References of "Kirsch, Claudine 50002094"
Kirsch, Claudine UL

in Kenner, Charmian; Hickey, Tina M. (Eds.) Multilingual Europe: Diversity and Learning (2008)

Kirsch, Claudine UL

in International Journal of Multilingualism (2006), 3(4), 258-279

Luxembourg is a trilingual country where residents communicate in Luxembourgish, French and German concurrently. Children therefore study these languages at primary school. In this paper I explore how six ... [more ▼]

Luxembourg is a trilingual country where residents communicate in Luxembourgish, French and German concurrently. Children therefore study these languages at primary school. In this paper I explore how six eight-year-old Luxembourgish children use and learn German, French and English in formal and informal settings over a period of one year. Their eagerness to learn and use German and English contrasted with their cautious and formal approach to the learning of French. My findings demonstrate that second language learning in a multilingual country is not an ‘automatic’ or ‘natural’ process but, rather, children’s language behaviour depends on their personal goals, interests, competence, confidence and understanding of what counts as appropriate language use. These factors are influenced by the formal approach to language learning at school. [less ▲]

Kirsch, Claudine UL

in Goldsmiths Journal of Education (2001), 3(2), 2-19

This is a qualitative study which attempts first, to investigate the various activities in which children have been and were engaging as they set about learning additional languages and, second, to ... [more ▼]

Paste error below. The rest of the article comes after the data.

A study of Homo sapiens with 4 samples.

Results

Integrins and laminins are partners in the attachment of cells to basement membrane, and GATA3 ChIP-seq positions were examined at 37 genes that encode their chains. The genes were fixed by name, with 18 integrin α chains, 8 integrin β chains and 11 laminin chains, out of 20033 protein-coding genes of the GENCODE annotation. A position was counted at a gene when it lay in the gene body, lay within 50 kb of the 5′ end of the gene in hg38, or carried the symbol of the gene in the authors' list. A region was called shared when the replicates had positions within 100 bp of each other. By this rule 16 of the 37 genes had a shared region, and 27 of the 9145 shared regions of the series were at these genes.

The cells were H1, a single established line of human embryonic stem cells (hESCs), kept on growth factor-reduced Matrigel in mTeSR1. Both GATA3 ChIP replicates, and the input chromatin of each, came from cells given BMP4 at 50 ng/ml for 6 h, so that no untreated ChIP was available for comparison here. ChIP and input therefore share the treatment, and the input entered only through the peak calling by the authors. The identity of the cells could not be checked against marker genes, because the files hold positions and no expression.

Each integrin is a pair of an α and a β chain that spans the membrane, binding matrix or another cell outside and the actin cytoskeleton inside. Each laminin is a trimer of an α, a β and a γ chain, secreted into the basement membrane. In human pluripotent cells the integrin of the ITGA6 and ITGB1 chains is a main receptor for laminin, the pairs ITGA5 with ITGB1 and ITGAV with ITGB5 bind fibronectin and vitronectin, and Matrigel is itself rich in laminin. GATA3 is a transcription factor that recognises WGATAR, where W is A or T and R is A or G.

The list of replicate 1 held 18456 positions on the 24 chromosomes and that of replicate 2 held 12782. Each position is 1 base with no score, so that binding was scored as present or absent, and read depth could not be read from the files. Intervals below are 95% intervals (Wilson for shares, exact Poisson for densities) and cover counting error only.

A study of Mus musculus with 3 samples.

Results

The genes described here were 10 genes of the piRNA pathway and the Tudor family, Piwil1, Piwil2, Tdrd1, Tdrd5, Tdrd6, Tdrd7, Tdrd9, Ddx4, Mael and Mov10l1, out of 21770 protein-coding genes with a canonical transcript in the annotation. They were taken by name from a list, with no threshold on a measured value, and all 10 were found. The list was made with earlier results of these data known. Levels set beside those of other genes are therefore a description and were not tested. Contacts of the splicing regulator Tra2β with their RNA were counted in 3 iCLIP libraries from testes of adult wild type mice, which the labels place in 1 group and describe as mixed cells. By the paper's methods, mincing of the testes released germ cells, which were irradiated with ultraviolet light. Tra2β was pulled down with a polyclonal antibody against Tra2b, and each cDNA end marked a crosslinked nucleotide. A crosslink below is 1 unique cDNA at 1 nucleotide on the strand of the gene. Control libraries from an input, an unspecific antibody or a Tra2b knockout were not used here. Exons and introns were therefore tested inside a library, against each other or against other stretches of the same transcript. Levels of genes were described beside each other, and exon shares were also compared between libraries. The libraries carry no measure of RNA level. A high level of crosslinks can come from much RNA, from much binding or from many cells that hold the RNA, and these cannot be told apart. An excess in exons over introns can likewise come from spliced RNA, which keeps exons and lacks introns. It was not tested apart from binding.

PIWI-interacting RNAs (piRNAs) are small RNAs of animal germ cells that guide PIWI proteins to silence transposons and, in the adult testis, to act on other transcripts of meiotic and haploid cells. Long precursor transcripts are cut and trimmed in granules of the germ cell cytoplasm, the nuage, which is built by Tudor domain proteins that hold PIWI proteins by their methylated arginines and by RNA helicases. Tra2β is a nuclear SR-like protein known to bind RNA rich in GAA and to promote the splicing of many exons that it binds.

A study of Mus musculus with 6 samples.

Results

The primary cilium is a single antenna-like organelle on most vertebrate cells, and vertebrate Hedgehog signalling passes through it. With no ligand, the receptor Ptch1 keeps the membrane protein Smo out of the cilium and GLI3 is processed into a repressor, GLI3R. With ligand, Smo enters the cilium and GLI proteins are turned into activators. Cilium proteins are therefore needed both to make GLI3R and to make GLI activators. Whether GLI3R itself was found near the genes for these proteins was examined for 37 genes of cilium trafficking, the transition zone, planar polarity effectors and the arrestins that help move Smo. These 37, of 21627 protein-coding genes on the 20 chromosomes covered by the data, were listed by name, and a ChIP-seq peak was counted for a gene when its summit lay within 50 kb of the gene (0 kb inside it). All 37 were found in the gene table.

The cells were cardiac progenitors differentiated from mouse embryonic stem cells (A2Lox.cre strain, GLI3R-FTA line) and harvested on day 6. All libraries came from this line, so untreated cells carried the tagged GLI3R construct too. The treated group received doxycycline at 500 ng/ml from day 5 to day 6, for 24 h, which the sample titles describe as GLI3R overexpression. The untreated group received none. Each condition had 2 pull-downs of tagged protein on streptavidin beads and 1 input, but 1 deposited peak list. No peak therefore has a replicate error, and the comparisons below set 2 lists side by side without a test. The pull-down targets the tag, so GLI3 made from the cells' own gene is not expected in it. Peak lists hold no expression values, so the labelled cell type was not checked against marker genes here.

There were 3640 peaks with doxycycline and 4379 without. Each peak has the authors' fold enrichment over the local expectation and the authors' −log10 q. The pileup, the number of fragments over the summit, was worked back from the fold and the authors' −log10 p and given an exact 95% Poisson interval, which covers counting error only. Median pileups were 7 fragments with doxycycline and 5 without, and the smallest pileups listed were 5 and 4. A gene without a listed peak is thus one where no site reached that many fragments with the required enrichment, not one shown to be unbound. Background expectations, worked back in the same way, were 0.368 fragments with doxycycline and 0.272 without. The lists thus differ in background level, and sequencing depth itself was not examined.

This is a qualitative study which attempts first, to investigate the various activities in which children have been and were engaging as they set about learning additional languages and, second, to examine the strategies the children suggested to improve their proficiency in those languages. I thereby compared the methods used by Bangladeshi and Anglo Londoners. The findings showed that children who had been in contact with various languages over a longer period of time used a higher number of strategies, combined them in a variety of ways and engaged in more productive activities such as engaging in conversation with native speakers. Further, they viewed language learning as essential and had precise ideas about language processing. The last part of the study investigated to what extent cognitive development, experience, personal characteristics, attitudes, motivation, cultural and language background of the family, educational setting and wider socio-cultural context informed pupils’ strategies. Building on the findings, the paper ends with some suggestions for practitioners. [less ▲]

Kirsch, Claudine UL; Seele, Claudia

in Schwartz, Mila; Prošić-Santovac, Danijela (Eds.) International Handbook of early childhood education (n.d.)